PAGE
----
Fixed deposits, being secure and liquid are one of the most famous forms of savings. They are an excellent way for you to protect savings from inflation and also provide low-risk returns. However, the income earned from FD is taxable and added to your total income for taxability purposes.
How is interest on FD taxed?
The interest earned on FD is taxable under the head ‘income from other sources’.
For calculating tax, interest on FD is added to the total income of the taxpayer and tax is calculated as per the income tax slabs applicable.
When is TDS deducted on the interest of FD?
Banks deduct TDS on fixed deposit interest at the time of crediting the interest amount to the FD holders account. Please take note that TDS is deducted every year when the interest is accrued/earned and not when interest is received after the period of FD matures. This amount forms a part of your total tax liability.
The bank will deduct the TDS at 10% of the interest amount if the total interest income is more than Rs 40,000 for individuals and Rs 50,000 for senior citizens. This amount has increased from Rs 10,000. TDS deducted is 20% if PAN is not provided to the particular bank. The payee can then adjust this TDS against his total tax liability or even claim a refund if the amount of TDS deducted is more than his total tax liability.
Let us understand this with an illustration:
- Mr Rahul has a salary income of Rs 13 lakh p.a.
- FD I – Fixed deposit for four years with Bank A. Accrued interest on this FD is of Rs 50,000 per annum.
- FD II – Interest of Rs 30,000 from bank B.
Total income = Rs 13.80 lakh (Salary + FD interest I + FD interest II). Here, interest income is added to the gross total income of Rahul. As he falls under the slab rate of 30% already, FD interest will be chargeable at 30% tax.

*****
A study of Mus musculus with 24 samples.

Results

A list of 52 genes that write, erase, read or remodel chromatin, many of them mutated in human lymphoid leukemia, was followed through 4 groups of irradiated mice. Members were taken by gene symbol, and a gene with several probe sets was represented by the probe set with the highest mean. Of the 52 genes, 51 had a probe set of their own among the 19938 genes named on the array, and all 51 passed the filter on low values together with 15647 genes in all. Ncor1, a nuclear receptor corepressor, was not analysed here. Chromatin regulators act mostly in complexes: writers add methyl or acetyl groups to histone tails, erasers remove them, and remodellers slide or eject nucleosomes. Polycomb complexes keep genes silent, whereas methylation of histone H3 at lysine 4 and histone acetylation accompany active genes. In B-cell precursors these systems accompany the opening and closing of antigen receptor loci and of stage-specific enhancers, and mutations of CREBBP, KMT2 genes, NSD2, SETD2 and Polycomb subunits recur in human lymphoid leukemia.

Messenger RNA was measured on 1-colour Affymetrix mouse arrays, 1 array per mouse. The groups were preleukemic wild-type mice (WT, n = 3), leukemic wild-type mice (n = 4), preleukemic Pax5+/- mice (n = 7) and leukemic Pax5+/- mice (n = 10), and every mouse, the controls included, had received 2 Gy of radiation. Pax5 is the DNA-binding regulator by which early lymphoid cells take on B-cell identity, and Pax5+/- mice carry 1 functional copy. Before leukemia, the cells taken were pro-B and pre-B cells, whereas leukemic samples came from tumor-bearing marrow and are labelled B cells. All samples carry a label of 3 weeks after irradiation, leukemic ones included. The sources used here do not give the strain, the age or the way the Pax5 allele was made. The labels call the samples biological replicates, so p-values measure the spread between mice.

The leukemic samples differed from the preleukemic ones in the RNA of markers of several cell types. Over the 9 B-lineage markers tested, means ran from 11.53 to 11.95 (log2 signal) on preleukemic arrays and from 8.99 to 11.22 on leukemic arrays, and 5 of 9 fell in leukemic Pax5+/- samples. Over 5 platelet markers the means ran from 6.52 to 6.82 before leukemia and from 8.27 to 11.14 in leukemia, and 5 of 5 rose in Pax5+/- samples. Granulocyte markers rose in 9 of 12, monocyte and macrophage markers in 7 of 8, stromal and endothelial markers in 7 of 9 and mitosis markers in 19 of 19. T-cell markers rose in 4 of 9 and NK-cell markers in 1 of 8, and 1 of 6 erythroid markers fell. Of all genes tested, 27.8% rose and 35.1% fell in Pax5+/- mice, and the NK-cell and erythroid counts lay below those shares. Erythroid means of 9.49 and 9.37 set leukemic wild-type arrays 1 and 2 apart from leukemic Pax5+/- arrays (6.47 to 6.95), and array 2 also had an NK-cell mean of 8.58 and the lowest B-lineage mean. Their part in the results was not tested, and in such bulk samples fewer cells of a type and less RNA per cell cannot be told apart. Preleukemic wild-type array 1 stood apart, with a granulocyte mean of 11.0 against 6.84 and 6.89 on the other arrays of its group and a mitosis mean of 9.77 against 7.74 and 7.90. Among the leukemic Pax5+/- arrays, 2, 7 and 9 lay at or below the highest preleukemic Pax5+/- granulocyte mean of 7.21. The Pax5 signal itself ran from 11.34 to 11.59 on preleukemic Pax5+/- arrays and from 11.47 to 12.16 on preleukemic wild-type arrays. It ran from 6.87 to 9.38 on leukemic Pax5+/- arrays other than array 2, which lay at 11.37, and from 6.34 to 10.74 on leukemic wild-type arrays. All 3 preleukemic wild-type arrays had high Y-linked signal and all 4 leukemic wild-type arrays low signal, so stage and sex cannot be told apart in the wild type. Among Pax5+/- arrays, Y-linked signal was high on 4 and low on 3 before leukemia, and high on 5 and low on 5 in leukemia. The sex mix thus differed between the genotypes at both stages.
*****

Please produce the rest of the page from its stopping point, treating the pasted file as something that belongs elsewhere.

However, bank A will deduct TDS at 10% of Rs 50,000, i.e. Rs 5,000 every year though actual interest will be credited to the account at the end of four years. This TDS amount gets adjusted against final tax liability.
Also Read: Flexi Deposits vs Fixed Deposits: Which One Suits You?
What if your total income falls under the basic exemption limit?
If your total income is below the basic exemption limit of Rs 2,50,000, then you are not liable for the tax. In this case, to avoid TDS deductions by a bank, you are required to submit form 15H and 15G at the beginning of every financial year.
Form 15G – Individuals who are below 60 years of age, can submit Form 15G to their financial institutions if their total income of the year is below the basic exemption limit.
Form 15H– This is to be submitted by senior citizens who does not have a tax liability in that year.
It is, however, essential to submit both these forms at the start of the year, If you fail to submit these forms and the banks have deducted the TDS from your interest, you can claim a refund for the same at the time of filing the income tax return.
Tax benefits under 80C investment in fixed deposits
An individual can claim deduction up to Rs 1,50,000 in a financial year under Section 80C of the Income Tax Act, 1961 for investments made in tax-saving fixed deposits. The amount so invested is deducted from total gross income to arrive at the net taxable income. However, these deposits will have a lock-in of five years, and premature withdrawals are not allowed. The interest earned is subject to TDS as per the investor’s tax slab.